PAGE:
I wonder what Teddy Roosevelt would think of a swanky wine bar. You are confronted with that question at Modena Wine Cafe in Longmont. It’s located next to Roosevelt Park, but more pertinently, its large windows open up to a Rough Rider-era Roosevelt, cowboy hat and spectacle on, no doubt ready to storm the hill with nothing but testosterone and an under-manned army behind him. Peering into the other corner of Modena is Roosevelt, the politician, yelling reedy from a train car railing, summoning those who had forgotten his prowess as a leader of state with gritty determination and soul-weakening personality.
What would Roosevelt — a man who overcame asthma and chronic stomach troubles (and quacky 19th century medicine) on his own, who wrestled wild game in the Dakotas and who chartered a trip in the Amazon and nearly died — think of a refined, elegant 21st century wine bar?
He’d love it.
Above all, Roosevelt was a man with an insatiable appetite for knowledge and for whom global travel was a lifelong occupation. He, and us, can get that at Modena; a globe-spanning wine list, interesting tapas fare and a resilient and knowledgeable wait staff provides it.
Now Roosevelt I am not. My questions are born out of stupidity not insatiable curiosity. But our friendly server at Modena had the patience and deep knowledge of wine necessary to answer the questions we brought.
First a few softballs: a buttery white and an easydrinking Bordeaux. The buttery white was a sauvignon blanc from Lake County, Calif. It was wellrounded with subtle sweetness and roasted butter. The 2010 Bordeaux was indeed approachable, with dirty freshness.
The next request was a little tougher: an earthy, weird red with pleasant funk. The answer was another wine from Lake County, this time a cabernet sauvignon. It had medium brightness and was tonguestarching. The funk was unmistakable, taking on the characteristics of a muddy bog sometime in the mid to late morning, maybe around 11.
Before the next wine challenge, I asked the server to bring about five tapas dishes to the table. One was a plate of three chorizo tacos. The spicy chorizo was cut into chunks and paired with cilantro, guacamole and a Fresno chile sauce. They were surprisingly light and the spice interacted well with the last few sips of the funky dry red on the table.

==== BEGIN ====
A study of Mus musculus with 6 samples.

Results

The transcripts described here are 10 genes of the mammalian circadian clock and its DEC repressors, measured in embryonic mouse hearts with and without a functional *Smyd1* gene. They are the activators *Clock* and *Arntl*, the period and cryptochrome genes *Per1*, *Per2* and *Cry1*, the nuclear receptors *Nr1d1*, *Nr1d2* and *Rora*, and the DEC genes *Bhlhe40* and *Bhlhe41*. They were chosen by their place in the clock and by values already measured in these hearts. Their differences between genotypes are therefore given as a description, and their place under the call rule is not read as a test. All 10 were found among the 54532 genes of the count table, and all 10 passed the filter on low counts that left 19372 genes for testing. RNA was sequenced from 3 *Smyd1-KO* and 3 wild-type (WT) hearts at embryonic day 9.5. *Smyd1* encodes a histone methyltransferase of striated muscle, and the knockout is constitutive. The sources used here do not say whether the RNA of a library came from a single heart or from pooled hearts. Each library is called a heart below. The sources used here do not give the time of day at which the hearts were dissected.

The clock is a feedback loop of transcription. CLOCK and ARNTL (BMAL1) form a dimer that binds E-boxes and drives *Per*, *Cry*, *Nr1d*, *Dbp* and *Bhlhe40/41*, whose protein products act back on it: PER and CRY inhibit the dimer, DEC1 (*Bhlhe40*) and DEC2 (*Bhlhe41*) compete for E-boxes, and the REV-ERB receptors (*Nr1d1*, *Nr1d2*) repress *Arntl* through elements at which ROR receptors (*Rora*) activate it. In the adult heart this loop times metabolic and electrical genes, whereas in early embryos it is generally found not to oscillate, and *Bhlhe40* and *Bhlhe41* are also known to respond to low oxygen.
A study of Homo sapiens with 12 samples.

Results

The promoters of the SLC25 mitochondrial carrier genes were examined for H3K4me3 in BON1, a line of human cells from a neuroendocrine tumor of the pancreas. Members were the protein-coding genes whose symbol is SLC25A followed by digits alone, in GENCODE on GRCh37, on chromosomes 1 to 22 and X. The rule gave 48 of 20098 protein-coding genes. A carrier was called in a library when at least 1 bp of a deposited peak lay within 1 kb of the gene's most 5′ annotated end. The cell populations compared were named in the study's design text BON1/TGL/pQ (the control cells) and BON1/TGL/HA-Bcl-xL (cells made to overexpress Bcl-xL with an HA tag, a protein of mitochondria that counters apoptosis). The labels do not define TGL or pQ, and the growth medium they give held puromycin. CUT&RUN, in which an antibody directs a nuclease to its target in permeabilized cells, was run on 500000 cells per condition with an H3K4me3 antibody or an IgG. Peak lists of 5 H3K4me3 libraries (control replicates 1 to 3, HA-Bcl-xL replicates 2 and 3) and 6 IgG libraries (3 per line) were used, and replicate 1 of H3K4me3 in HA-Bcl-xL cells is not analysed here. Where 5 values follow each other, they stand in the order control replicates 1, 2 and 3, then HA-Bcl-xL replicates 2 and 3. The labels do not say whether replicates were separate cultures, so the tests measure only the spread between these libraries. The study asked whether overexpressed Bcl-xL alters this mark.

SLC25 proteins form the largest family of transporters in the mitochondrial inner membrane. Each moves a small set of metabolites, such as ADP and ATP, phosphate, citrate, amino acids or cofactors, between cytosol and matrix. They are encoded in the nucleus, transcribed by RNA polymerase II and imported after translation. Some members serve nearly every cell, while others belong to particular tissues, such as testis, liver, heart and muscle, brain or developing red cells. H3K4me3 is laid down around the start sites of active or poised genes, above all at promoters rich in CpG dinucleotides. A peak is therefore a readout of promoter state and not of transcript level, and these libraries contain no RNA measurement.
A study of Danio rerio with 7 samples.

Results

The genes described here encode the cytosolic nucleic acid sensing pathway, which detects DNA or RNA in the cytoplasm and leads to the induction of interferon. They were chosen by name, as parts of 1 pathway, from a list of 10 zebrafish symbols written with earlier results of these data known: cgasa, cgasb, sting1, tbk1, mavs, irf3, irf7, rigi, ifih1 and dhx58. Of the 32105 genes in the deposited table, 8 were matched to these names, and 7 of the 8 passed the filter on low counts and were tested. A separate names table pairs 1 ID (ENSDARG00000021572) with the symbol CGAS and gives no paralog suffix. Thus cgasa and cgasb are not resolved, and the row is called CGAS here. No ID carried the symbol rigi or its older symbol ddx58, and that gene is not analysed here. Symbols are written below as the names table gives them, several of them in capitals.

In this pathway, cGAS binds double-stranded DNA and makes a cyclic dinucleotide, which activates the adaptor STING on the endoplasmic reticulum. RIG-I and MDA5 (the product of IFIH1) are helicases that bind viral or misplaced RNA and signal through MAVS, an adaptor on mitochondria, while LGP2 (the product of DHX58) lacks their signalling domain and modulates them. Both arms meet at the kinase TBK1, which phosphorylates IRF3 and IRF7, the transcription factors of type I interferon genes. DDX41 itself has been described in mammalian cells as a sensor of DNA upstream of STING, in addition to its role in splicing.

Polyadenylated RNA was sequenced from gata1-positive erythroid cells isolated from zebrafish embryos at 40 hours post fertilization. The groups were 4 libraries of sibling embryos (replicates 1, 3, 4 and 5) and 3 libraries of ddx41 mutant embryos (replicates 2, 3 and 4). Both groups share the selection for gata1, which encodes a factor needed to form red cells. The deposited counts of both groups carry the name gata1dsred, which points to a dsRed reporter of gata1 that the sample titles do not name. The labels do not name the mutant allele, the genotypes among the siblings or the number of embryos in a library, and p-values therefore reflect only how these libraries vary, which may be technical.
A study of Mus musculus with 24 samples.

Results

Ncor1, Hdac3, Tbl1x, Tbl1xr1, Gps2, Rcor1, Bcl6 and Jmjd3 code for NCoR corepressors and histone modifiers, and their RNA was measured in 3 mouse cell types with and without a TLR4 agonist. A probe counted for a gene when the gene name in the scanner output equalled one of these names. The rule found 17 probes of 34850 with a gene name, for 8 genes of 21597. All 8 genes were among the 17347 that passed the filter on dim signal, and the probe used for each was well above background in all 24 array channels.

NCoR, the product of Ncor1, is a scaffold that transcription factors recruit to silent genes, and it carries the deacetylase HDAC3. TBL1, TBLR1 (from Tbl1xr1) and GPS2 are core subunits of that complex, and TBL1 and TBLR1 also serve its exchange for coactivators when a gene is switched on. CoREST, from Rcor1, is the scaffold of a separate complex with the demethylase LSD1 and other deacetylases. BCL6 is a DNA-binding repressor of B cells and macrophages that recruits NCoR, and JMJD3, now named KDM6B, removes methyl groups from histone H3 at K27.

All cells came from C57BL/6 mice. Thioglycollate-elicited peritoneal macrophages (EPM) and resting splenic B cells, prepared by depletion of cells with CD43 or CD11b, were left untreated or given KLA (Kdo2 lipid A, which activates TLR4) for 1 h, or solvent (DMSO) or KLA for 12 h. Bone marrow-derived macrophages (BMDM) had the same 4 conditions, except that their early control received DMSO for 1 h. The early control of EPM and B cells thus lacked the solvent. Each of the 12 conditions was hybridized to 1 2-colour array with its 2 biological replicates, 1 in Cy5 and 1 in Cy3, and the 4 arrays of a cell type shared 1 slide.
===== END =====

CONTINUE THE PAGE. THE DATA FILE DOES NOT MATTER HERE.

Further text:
There was also a greek plate on the table with tabouleh, hummus and naan slices. The tabouleh was crazy — the base grain was an earthy quinoa that tasted like the barely burnt edges of a fresh brownie. The hummus was immediately fruity on the tip of the palate, before giving way to smoky pepper, honey and creamy chickpea. Overall, a fantastic starter.
Elswehere, there were small meatballs with two dipping sauces — one spicy and one acidic. There was also a flatbread with cut shrimp, spinach and feta cheese. It was a remarkable little bite — fresh and perfectly textured, and aesthetically interesting.
The best thing on the table, for me, was the deviled eggs. And that sounds nuts, because you don’t see deviled eggs on menus, and you don’t immediately think they can be elevated. These were, with a Fresno chili aioli, Hawaiian sea salt and fresh-as-the-day-it-wascrushed paprika. If you have a hankering for deviled eggs, go to this wine bar.
The final question posed was to pair cheeses with wines. What came back was three cheeses, from mild to weird: buffalo mozzarella, a sharp, havarti-like cheese and Humboldt Fog, a popular hybrid goat’s milk cheese — paired with two floral whites, one from Germany and the other from California. It was an educational finale, seeing how flavors change on the tongue and seeing how easily modern society has made bringing aworld of food to any table anywhere in the world. That globalization of experience is something Teddy could get behind, I think, and it’s where (besides this corner in Longmont) he and Modena overlap.